I have recently had a few patients in my practice ask me about the Ebola virus. Due to this fact as well as all the news coverage and worldwide concern about the Ebola virus, I thought that it would be a good time to review it.
The Ebola virus belongs to a family of viruses that cause hemorrhagic fevers. As the illness progresses it causes severe bleeding/hemorrhaging, organ failure and often death. The Ebola virus was first identified in Africa decades ago.
Interestingly, the Ebola virus lives in an animal host. Humans can contract the virus by working with infected animals. For example people have contracted the virus from butchering or eating infected animals.
The Ebola is transmitted from human to human through contact with body fluids. Infected people generally are not contagious until symptoms appear. Often, family members are infected as they care for sick relatives or prepare the dead for burial.Medical personnel must take proper precautions when working with an infected patient.
The incubation period for the Ebola virus is five to 10 days from first contact. The signs and symptoms of Ebola usually start suddenly.
Early symptoms include fever, severe headache, chills, joint and muscle pain and general body weakness. These symptoms are common to many harmless illnesses such as the common cold or flu.
However, as the Ebola infection worsens, symptoms typically become increasingly more severe. These symptoms may include bloody diarrhea, red eyes, chest or stomach pain, internal bleeding or bleeding from the eyes, nose or ears.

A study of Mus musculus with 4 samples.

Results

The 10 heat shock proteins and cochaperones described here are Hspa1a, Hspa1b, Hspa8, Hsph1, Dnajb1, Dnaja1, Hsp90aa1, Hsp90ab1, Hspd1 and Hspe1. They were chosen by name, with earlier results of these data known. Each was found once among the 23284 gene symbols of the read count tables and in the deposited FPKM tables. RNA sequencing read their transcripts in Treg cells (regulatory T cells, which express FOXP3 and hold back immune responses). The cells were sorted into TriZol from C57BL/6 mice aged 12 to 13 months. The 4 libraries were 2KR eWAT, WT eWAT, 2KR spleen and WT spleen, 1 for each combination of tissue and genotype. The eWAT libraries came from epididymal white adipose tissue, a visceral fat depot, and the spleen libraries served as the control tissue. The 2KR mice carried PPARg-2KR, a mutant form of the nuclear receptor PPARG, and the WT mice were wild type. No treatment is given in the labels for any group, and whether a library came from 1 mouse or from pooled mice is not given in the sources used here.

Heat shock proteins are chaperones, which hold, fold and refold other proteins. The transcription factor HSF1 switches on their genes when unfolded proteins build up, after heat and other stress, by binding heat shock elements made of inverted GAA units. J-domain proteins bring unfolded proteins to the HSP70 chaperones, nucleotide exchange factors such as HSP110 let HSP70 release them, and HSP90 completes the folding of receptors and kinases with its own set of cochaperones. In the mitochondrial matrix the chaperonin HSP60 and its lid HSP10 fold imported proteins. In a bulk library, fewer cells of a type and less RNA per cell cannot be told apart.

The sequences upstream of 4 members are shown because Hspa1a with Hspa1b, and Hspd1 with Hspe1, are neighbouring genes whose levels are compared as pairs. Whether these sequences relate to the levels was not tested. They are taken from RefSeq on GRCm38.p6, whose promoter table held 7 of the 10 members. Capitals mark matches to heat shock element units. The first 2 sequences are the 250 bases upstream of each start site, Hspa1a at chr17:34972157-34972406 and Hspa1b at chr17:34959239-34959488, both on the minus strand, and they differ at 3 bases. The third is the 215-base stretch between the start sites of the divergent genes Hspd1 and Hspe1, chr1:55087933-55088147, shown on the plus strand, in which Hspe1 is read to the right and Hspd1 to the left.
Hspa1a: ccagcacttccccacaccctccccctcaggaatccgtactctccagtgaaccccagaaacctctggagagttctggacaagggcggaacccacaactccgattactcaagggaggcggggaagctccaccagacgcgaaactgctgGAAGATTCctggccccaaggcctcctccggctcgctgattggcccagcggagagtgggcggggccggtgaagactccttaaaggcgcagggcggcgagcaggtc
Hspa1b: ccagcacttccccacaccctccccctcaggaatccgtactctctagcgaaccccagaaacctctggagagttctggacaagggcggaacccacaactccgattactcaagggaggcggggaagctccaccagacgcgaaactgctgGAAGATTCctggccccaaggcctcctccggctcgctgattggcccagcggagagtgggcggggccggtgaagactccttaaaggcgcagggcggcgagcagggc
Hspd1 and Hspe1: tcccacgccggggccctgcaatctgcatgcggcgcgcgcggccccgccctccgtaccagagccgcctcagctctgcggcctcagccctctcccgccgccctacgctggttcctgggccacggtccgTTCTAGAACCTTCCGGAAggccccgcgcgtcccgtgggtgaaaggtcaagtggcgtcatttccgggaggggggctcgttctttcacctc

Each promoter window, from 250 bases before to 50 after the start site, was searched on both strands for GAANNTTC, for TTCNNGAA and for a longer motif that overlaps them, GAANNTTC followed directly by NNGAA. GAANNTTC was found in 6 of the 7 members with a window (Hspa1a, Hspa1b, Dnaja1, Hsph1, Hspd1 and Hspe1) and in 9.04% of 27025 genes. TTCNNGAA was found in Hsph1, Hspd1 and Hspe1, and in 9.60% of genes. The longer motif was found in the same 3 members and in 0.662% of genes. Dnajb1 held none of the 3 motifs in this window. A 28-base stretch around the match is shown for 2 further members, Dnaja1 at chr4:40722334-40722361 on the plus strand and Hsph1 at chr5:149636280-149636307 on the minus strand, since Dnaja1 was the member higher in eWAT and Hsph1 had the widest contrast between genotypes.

A high percentage of those infected with the Ebola virus die due to complications such as organ failure because of severe bleeding. The virus is so deadly because it is able to interfere with the immune system’s ability to fight the infection.
For the lucky few that do survive, recovery is a slow and often painful process that can take months.
At this time, there is no proven antiviral medication that is used to treat an Ebola infection. However, researchers are working diligently to find a vaccine. Presently, treatment usually consists of replenishing fluids, replacing lost blood and providing oxygen if needed.
The good news is that the risk of contracting the Ebola virus in North America is very low. In fact, the chief medical officer of Canada recently said, “I want to take this opportunity to remind Canadians that the Ebola virus does not spread easily from person to person. Ebola is spread through direct contact with an individual with symptoms; it is not spread through casual contact, it is not like the flu. Canada is well prepared with a number of systems in place to identify and prevent the spread of serious infectious diseases like Ebola, such as working closely with our international partners to gather and assess information and administering the Quarantine Act at all points of entry into Canada.”
As you can see, the Ebola virus is not something that we have to worry too much about in Canada.
However, it is always a good idea to practice good hygiene like proper hand washing especially with cold and flu season around the corner.
Until next month, drive safely.
Dr. Christopher H. Singh runs Trans Canada Chiropractic at the 230 Truck Stop in Woodstock, Ont. He can be reached at 519-421-2024.